Patriots lay a big goose egg in free agency with no top additions

Bill Belichick's system stays in place without Bill.
Washington Commanders v Los Angeles Rams
Washington Commanders v Los Angeles Rams / Harry How/GettyImages

The New England Patriots are knee-deep into free agency (or maybe ankle-deep is more appropriate). They have delved into free agency's waters and have hardly gotten wet, at least for game-changing players.

The new general manager-in-training, Eliot Wolf, has entered the scene, but the script has remained about the same as it was under Bill Belichick, who is hardly a general manager for Wolf to try to emulate. Belichick was a poor GM and Wolf seems to be following right in his steps. It can't be looked upon as a good sign for owner Robert Kraft, he of the bad decision-making Robert Kraft persona.

Except on rare occasions, Belichick was wont to bottom-feed in free agency. He tried to find gold, whereas others found coal. On most occasions, that didn't work out too well for either him or the team.

However, when one has the man who's called here, the Great Safety Valve, that would be Tom Brady, at your disposal, then all kinds of personnel flops were papered over for two decades. Brady left, and now so has Belichick. The team is in Eliot Wolf's hands.

Patriot's de facto GM Wolf is playing Belichick's game in free agency

Eliot Wolf had a chance to enter the scene and dramatically alter the New England Patriots modus operandi in personnel. It needed a sea change, and Wolf's unfortunately given it a small pond change if any aquatic movement at all. His free agency track record to date has been blah.

Wolf reportedly or supposedly had money to burn or spend, however you choose to describe it. Instead of going big on several top players, he's bottom-fed, a la his partial mentor, Belichick, and added mediocrity in abundance. All that strategy ultimately leads to is mediocrity all around.

Wolf needed a quarterback this offseason. One of the top three in the draft (yet to be seen) will be there for the taking. Yet, he mystifyingly goes out and spends eight million dollars on a journeyman backup, Jacoby Brissett. (The team last year failed to sign the Jacobi they should have; that would be Meyers). That much for a backup QB is not just not a good allocation of resources. It's horrendous.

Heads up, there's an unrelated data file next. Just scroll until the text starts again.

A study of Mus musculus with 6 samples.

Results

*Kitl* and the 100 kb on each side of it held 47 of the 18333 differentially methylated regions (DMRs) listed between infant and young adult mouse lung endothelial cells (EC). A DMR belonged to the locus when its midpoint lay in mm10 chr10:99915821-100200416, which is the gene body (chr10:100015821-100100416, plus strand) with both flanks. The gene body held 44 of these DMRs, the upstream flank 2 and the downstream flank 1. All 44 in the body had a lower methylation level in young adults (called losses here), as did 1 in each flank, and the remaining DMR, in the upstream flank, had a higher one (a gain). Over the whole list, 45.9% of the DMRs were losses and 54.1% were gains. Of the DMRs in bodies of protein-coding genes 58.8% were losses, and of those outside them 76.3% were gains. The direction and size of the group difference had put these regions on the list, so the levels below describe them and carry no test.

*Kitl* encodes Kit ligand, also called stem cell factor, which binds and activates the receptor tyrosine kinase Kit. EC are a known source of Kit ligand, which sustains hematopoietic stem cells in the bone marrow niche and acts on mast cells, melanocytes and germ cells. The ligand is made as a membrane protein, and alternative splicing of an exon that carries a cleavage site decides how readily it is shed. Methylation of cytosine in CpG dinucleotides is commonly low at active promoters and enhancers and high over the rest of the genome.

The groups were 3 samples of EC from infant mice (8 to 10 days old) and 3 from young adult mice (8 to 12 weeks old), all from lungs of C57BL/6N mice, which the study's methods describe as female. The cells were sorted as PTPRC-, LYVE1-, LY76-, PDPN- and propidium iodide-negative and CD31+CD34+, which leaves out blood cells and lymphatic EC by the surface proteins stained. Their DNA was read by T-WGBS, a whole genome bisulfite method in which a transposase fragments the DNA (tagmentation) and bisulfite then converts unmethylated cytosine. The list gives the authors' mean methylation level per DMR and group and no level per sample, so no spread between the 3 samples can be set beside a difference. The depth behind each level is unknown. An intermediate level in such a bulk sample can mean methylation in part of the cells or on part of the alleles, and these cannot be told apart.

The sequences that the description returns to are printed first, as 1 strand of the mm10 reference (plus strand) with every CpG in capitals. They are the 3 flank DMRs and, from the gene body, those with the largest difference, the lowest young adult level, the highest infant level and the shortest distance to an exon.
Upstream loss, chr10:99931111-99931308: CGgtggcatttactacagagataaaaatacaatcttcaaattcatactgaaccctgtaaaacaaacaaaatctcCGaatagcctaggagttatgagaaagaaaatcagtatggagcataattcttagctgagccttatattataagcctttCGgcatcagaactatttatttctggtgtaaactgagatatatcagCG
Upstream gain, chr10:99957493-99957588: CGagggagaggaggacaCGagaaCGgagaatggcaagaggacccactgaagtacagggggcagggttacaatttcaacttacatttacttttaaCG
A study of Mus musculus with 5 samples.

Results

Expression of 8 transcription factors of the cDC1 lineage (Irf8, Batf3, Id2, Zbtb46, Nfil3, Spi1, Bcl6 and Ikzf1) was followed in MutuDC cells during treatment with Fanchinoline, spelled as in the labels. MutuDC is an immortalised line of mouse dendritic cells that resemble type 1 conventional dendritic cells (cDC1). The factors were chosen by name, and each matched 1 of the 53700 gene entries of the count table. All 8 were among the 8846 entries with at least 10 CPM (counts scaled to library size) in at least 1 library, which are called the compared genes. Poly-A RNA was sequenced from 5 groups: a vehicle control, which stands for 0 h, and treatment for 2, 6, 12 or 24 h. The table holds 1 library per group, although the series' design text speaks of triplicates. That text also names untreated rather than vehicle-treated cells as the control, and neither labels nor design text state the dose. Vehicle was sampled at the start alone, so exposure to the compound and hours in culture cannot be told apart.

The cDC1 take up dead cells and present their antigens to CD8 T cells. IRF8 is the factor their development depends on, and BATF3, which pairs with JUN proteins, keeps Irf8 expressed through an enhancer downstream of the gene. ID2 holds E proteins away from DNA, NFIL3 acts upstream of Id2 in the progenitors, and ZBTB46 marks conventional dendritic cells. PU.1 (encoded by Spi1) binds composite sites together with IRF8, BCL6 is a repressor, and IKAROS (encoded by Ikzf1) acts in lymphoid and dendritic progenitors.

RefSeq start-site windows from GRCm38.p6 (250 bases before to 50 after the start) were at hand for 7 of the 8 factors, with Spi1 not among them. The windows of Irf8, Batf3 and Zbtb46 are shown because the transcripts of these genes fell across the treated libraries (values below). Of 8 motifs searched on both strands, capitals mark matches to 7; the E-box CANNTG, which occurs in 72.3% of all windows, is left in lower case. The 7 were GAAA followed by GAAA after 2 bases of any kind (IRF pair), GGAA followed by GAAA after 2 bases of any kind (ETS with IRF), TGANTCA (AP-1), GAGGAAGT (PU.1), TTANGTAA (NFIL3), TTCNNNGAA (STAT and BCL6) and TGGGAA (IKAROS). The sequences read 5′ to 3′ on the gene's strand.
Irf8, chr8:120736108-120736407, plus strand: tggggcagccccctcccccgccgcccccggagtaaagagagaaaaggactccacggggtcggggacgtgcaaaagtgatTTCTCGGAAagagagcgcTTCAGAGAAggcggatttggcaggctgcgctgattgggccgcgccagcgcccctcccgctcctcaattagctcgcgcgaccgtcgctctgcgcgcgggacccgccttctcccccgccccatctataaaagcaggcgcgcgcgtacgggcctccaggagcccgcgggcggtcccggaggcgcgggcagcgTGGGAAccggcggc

If that signing signals that Brissett will be the starter, it's hopeless from the start, and pencil in (in ink) the Pats for another last-place finish. In addition, Wolf has added an offensive tackle in Chukwuma Okorafor. Instead of going for the best available, he settled for, admittedly, at least a youngish 26-year-old player who's started in the past. But he's no left tackle, and he's a back-up. More cash wasted.

No other Patriots' free agent signings get anyone excited

Wolf's other signings also don't make waves in Patriot Nation or anywhere else in the AFC East or NFL. They are blah signings. He did re-sign Kyle Dugger to the Transition tag and big money, but is he worth that bag of cash? Not really.

He also gave Mike Onwenu (who should have been signed to an extension two years ago) left tackle money, a $57M deal to play right tackle or guard. He's a good player but not worth the cash that Wolf splashed on him. And that signing doesn't make the Pats one iota better.

He re-signed two linebackers who could easily have been let go, Josh Uche and Anfernee Jennings. Both are one-year wonders who've shown no consistency in four years in the NFL. Also retained were Hunter Henry, a mid-level tight end but at 29 years of not getting any younger, and Austin Hooper, another decent tight end, who should have been signed several years ago, also 29.

Both are OK, but they haven't gotten much better there again. It's essentially the status quo. Also re-signed was injured goods Kendrick Bourne. Again, he's legitimate, not outstanding, and he's coming off a serious injury, and who knows when/if he'll be at full strength.

The other additions also fail to move the needle much, if at all, in improving the 2024 Patriots' outlook. As much as the Patriot's Boston media gurus try to put a positive spin on all this, it boils down to one thing in free agency thus far. It's called more of the same old, same old. And that ain't good enough.

Eliot Wolf has started his Patriots career with a thud. He's done little, if anything, to improve the team's outlook for 2024 or beyond. Isn't that what the offseason is supposed to be all about?

We hoped for a different outlook and strategy; what we got is deja vu all over again of the Belichick years when quantity of mediocrity was favored over quality and scouting prowess. Now there's only the draft left for Wolf to show any difference.

We'll see if he gets it, or not, next month. Don't be shocked if it's more of the same old, same old.